I wonder whether the advent of ebooks could be more important than we guess.
I'm currently working on Victor Hugo's Notre Dame de Paris. One of the characters sees a Gutenberg printed book for the first time, looks at the church building, with its stories told in stone carving and says about the book, "This will kill that."
Hugo then adds a chapter on the significance of changing written media. Here's a quotation:
"In the fifteenth century everything changes.
Human thought discovers a mode of perpetuating itself, not only more durable and more resisting than architecture, but still more simple and easy. Architecture is dethroned. Gutenberg’s letters of lead are about to supersede Orpheus’s letters of stone.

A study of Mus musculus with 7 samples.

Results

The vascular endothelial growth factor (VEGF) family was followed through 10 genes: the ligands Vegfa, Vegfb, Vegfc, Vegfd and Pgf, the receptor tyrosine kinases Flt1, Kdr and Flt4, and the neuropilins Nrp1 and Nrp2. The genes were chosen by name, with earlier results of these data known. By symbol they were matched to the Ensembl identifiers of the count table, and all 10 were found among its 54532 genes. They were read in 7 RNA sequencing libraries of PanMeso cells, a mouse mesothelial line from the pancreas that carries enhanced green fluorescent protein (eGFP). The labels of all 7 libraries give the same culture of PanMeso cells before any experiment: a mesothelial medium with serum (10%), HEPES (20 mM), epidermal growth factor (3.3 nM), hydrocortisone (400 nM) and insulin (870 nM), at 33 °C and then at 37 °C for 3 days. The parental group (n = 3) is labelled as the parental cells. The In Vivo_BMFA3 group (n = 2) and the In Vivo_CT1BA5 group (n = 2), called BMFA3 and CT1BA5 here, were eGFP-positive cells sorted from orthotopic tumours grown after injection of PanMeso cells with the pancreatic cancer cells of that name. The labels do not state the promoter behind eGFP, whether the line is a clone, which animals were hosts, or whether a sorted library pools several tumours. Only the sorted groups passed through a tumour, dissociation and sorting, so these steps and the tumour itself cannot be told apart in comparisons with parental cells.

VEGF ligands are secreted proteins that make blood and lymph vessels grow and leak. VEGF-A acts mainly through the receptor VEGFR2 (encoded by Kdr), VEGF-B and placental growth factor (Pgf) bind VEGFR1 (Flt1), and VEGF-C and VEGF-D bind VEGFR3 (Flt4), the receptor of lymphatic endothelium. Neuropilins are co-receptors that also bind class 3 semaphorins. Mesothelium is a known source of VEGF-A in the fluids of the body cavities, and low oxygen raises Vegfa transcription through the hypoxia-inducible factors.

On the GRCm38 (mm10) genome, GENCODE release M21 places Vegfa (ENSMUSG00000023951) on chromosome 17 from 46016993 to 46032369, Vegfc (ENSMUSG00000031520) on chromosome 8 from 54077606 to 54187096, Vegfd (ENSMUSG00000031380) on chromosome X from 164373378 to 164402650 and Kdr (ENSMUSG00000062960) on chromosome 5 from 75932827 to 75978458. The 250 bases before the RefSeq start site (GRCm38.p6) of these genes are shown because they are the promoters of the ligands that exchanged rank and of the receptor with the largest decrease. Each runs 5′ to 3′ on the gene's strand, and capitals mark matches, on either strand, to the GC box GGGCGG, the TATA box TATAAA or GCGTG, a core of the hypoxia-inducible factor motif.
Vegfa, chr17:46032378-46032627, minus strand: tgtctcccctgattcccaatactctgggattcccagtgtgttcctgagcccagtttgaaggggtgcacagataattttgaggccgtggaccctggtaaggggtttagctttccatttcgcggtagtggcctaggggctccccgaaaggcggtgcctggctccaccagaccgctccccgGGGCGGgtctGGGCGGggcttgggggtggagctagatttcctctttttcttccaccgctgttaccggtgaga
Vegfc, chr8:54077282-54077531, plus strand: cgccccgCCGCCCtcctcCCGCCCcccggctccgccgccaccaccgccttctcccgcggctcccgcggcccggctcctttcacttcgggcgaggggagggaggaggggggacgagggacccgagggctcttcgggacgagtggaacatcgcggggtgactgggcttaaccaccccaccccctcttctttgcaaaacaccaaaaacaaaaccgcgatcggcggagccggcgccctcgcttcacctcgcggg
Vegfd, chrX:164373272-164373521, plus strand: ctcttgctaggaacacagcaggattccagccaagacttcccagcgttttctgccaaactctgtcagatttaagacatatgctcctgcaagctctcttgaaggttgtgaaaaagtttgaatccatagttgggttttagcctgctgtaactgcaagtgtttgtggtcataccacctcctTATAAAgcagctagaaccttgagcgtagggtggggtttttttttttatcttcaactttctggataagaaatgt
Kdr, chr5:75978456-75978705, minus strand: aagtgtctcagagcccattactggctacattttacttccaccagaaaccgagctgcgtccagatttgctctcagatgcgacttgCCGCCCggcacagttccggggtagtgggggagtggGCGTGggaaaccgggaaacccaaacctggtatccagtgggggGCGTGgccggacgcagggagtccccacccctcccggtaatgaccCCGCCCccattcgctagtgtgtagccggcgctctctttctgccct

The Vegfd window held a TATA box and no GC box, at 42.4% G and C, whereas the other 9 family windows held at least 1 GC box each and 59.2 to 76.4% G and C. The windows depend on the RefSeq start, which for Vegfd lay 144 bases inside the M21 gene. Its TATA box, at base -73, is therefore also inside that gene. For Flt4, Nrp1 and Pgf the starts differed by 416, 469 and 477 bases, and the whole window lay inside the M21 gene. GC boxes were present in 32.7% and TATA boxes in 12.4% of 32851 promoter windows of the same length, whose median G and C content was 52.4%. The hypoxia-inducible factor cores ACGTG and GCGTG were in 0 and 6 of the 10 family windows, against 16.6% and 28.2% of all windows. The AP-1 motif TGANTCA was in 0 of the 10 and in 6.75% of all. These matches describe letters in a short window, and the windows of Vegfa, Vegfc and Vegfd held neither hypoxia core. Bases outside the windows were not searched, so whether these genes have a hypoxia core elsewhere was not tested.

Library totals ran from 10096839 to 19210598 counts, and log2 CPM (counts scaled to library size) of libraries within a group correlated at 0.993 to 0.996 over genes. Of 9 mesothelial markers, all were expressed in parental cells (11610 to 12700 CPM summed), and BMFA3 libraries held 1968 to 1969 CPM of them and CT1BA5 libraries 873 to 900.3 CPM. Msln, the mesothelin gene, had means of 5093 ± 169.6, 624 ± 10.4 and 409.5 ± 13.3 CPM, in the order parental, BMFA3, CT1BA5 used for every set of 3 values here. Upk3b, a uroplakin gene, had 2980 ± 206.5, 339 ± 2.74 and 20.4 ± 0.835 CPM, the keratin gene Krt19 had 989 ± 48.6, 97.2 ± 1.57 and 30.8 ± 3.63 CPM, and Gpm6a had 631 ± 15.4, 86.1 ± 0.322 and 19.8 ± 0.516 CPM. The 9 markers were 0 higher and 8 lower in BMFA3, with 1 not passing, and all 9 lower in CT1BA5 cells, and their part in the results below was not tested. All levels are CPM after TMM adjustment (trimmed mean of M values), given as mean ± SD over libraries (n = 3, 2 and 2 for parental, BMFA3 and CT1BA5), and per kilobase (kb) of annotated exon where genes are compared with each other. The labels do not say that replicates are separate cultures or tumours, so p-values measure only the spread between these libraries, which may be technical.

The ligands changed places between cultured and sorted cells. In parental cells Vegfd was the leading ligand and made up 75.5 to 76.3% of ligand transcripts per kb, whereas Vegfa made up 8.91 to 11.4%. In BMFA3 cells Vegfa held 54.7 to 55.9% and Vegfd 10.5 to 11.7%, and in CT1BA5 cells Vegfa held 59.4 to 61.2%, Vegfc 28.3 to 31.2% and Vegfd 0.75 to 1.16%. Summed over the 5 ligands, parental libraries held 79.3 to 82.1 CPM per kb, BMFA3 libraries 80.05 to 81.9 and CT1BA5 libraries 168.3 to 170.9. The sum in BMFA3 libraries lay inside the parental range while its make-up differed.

The book is about to kill the edifice.
The invention of printing is the greatest event in history. It is the mother of revolution. It is the mode of expression of humanity which is totally renewed; it is human thought stripping off one form and donning another; it is the complete and definitive change of skin of that symbolical serpent which since the days of Adam has represented intelligence.
In its printed form, thought is more imperishable than ever; it is volatile, irresistible, indestructible. It is mingled with the air. In the days of architecture it made a mountain of itself, and took powerful possession of a century and a place. Now it converts itself into a flock of birds, scatters itself to the four winds, and occupies all points of air and space at once."
Arguably, we are at the beginning of another revolution.
(NB I'm hoping to get the book uploaded later today. The source file needed a lot of work.)